Passing it On
I was a voracious reader as a kid. From about eight years old on, I read constantly, but on my own -- I have no memory of my parents reading to me. I used to read every day for one or two hours, but it's difficult to find the time now and I miss it. My wife, Robin, still manages to read a minimum of a book a week during the pockets of quiet time when our baby, Julie, is breast-feeding or our two-year old, Heidi, is napping. She loves having this time to herself, reading her own books, but gets a little frustrated because when she wants to pass them on for me to read, they just stack up on the shelf.
I do read to Heidi almost every day though, and we've been doing this for as long as I can remember. Between Robin reading to her while she's feeding Julie and me telling her stories at night, Heidi gets read to at least one to two hours a day.
|Terry reads with Heidi and a friend.
I actually didn't think we'd be reading to Heidi as early as we did, but Robin did the research and started right away, so I did too. It was a way to spend time with Heidi -- it was relaxing and fun and it has just evolved into a daily thing.
I've been reading The Real Mother Goose to Heidi, which is filled with poems and nursery rhymes, and for a few weeks straight, this was all she wanted to hear. She memorized and now recites, "One, Two Buckle My Shoe." It's been great for me because I'm remembering some of the rhymes and poems I knew as a kid. Of course, there are so many I don't know, but Heidi and I are learning them together.
Listening and Learning
Starting around six months, Heidi would actually sit down and look at the pages like she was following along. She didn't have any comprehension but she was enjoying the act. And by one year, she loved books. Now she can sit for an hour or more and won't get bored. I'm the one who stops, sometimes after a half-hour or forty-five minutes.
We have shelves with hundreds of her books, and Heidi has her favorites. She'll go to the shelf and pick one out -- there are about ten she'll pick over and over -- and the other night she picked out an old picture book. It's full of objects that you'd find in a house, like table, spoon, fork … she used to point to objects when we said a word, and she used to just love that. But now she opens the book and she's just bored. Now she's into story lines. She likes to read books in their entirety -- from beginning to end.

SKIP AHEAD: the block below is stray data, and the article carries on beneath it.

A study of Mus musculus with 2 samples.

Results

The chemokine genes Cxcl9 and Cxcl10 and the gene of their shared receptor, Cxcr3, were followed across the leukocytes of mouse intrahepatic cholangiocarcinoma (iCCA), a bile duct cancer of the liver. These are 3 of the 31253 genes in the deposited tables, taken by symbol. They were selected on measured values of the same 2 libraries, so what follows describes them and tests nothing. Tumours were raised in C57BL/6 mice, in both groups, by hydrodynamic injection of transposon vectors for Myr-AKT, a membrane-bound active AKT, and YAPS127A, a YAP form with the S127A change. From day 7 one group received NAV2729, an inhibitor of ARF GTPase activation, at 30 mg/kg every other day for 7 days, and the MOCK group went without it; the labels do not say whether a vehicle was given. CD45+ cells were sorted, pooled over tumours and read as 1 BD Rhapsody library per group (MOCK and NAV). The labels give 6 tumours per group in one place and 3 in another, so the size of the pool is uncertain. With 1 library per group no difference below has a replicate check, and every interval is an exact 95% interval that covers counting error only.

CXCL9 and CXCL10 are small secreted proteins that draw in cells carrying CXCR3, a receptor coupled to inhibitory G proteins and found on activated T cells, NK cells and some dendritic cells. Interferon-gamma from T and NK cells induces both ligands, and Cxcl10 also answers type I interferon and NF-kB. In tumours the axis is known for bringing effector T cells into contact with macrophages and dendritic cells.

There's the story of Dogger, by Shirley Hughes, about a boy who has a stuffed animal named Dogger, who he takes everywhere with him. Heidi has a teddy she carries around with her, and she made a correlation between the two stuffed animals. In the story, Dave loses Dogger, and when we read that part, Heidi starts to cry. She'll say, "Mommy, Mommy, find Dogger," or "Lost Dogger," before he actually loses him. Within the last month or so she's become really interested in plots and complete stories. Shortly after she turned two, she could follow a story.
The books we read to Heidi are getting longer and longer. Just a few months ago she used to turn pages to get to the end, and now she sits back, looks at the pages, and makes comments. Dogger is about twenty pages long and takes about five minutes to read. She can sit still for the whole thing. Now she probably sits still for a ten-minute book.
"History of Today" — Bedtime Stories
I also tell Heidi stories at night since it's my job to put her to bed. We share what I call "History of Today," which is about everything she did during the day. I tell her what she did, and if I wasn't there, I ask Robin about what they did. I think it's a great imagination exercise -- I can see her mind roll back as I'm telling the stories. It's similar to reading because of what it asks of the imagination -- there's similar development happening.
I came up with "History of Today" just from talking with her before bed. I've been doing it for three or four months now and she just loves it -- she asks for it. She knows there are two versions: one for naptime and one for bedtime, which is longer. Heidi has gotten to the point where she'll interject comments. I leave spaces for her to fill in, and it's much more like a conversation than it used to be.